The government is of the view that since economic activity is low, central public sector enterprises (CPSEs) are not spending on capital expenditure as much as they would have anticipated, and hence are sitting on cash reserves, which can be used to pay dividends and buy back shares, sources said.
“We are talking with CPSEs
to assess their financial status, the amount of cash reserves they have, and the state of their balance sheets,” said a senior government official.
In 2019-20, three state-owned companies bought back shares worth Rs 821.8 crore from the Centre, which was 1.6 per cent of the divestment proceeds of Rs 50,299 crore. For the same year, the revised estimate of dividends from non-financial PSUs was Rs 48,256 crore, compared with the Budget estimate of Rs 57,487 crore.
The amount the Centre garners from share buybacks
by PSUs started being counted as part of the divestment proceeds from 2015-16. In absolute terms, the highest-ever proceeds were in 2016-17, when PSUs like Coal India, NLC India, NHPC, and NMDC bought back shares held by the Centre worth Rs 18,963.5 crore, which was nearly 40 per cent of that year’s divestment proceeds of Rs 47,743 crore.
Given that the severe global economic slowdown has led to concerns about how much the Department of Investment and Public Asset Management (Dipam) will be able to do with its big privatisation plans this year, including of Air India, Bharat Petroleum, and Shipping Corporation of India, share buybacks
could again form a major chunk of whatever the government manages to get through divestment in 2020-21.
“Economic activity is low, so PSUs have had to recalibrate their capex plans. We have told them to assess how much they want to keep aside for contingency, how much can be used up this year, and how much can be given to the government. They are doing that exercise,” said the official, adding that while proceeds from dividends and buybacks would come in the second half, this work had started now.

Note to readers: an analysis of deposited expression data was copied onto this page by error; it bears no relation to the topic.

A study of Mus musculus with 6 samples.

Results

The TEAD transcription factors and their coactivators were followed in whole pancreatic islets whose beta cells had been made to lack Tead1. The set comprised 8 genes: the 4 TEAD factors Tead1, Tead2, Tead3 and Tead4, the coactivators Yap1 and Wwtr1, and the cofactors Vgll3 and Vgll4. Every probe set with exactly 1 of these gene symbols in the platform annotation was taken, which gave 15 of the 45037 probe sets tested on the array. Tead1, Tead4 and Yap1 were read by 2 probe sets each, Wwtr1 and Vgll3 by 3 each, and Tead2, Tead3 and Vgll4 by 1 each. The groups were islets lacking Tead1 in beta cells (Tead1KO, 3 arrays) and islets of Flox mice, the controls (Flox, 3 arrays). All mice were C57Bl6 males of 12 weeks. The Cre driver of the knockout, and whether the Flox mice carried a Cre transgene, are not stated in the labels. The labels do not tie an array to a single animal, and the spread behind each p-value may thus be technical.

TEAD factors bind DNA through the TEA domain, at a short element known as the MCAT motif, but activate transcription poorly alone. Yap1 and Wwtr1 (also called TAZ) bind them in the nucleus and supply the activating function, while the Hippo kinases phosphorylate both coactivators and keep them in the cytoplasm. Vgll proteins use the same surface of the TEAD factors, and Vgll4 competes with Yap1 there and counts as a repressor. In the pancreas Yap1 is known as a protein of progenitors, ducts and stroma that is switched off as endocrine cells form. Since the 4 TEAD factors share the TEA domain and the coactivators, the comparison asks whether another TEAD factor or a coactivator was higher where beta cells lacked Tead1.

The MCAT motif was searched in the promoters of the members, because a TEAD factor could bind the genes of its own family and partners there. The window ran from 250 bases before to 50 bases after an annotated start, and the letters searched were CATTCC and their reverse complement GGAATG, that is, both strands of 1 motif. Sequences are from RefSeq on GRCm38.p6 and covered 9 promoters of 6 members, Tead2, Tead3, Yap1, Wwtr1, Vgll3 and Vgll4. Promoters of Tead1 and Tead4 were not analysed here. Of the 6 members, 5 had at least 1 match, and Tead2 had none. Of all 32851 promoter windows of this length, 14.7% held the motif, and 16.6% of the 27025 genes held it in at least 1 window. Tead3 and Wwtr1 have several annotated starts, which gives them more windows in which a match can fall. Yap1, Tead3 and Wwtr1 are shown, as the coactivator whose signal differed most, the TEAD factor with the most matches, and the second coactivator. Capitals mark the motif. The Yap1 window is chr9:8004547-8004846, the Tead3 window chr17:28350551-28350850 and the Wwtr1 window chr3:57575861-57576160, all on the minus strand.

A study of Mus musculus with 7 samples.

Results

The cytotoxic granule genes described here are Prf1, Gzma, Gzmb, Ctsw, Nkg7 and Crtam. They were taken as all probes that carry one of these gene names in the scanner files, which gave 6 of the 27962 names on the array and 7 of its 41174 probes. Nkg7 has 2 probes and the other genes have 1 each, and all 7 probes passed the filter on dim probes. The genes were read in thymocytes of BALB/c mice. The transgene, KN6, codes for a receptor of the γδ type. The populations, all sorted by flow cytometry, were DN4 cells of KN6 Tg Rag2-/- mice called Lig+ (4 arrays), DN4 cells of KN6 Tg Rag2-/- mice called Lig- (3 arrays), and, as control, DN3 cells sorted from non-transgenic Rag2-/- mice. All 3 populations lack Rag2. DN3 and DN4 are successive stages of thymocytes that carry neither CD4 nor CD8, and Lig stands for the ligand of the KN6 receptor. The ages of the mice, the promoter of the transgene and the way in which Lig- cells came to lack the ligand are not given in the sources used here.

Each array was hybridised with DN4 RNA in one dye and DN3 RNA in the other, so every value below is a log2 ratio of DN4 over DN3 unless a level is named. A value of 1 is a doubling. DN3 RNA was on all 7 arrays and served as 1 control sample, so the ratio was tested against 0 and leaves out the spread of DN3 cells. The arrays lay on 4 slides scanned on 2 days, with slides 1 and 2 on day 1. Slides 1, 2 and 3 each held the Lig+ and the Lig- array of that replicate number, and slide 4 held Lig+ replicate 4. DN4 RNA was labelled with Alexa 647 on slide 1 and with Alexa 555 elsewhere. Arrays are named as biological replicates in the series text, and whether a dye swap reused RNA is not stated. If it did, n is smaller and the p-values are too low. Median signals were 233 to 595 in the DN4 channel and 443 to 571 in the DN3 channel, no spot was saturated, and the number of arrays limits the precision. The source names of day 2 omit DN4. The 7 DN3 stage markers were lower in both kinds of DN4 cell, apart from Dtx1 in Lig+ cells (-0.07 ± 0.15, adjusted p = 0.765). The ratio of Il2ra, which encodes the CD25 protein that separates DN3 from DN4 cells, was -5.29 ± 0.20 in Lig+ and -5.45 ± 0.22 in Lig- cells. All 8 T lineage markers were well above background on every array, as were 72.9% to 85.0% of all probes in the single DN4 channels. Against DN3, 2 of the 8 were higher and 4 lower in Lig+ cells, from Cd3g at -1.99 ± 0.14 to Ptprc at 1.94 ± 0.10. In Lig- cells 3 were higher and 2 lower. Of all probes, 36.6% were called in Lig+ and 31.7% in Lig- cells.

“The mentality in the public sector is that they will be comfortable if they have a lot of cash with them, unlike the private sector, which can deploy the cash for expansion and capex much quicker. PSUs want to keep cash even for capex needs for the next two-three years,” said a second official.
Finance Minister Nirmala Sitharaman and her predecessors, including the late Arun Jaitley and P Chidambaram, have maintained the policy of advising non-financial state-owned companies that if they are not utilising their cash reserves for capex needs, they should give it to the Centre through dividends or share buybacks.
“The policy is already in place. We check their balance sheets and see how much free cash they have and what are their declared capex requirements. We always tell them not to keep cash,” the second official said. However, the person also warned that because of the slowdown, PSUs’ cash position might also have depleted.
For FY21, Dipam faces its highest-ever divestment target of Rs 2.1 trillion. Meanwhile, dividends from non-financial PSUs have been budgeted at Rs 65,747 crore.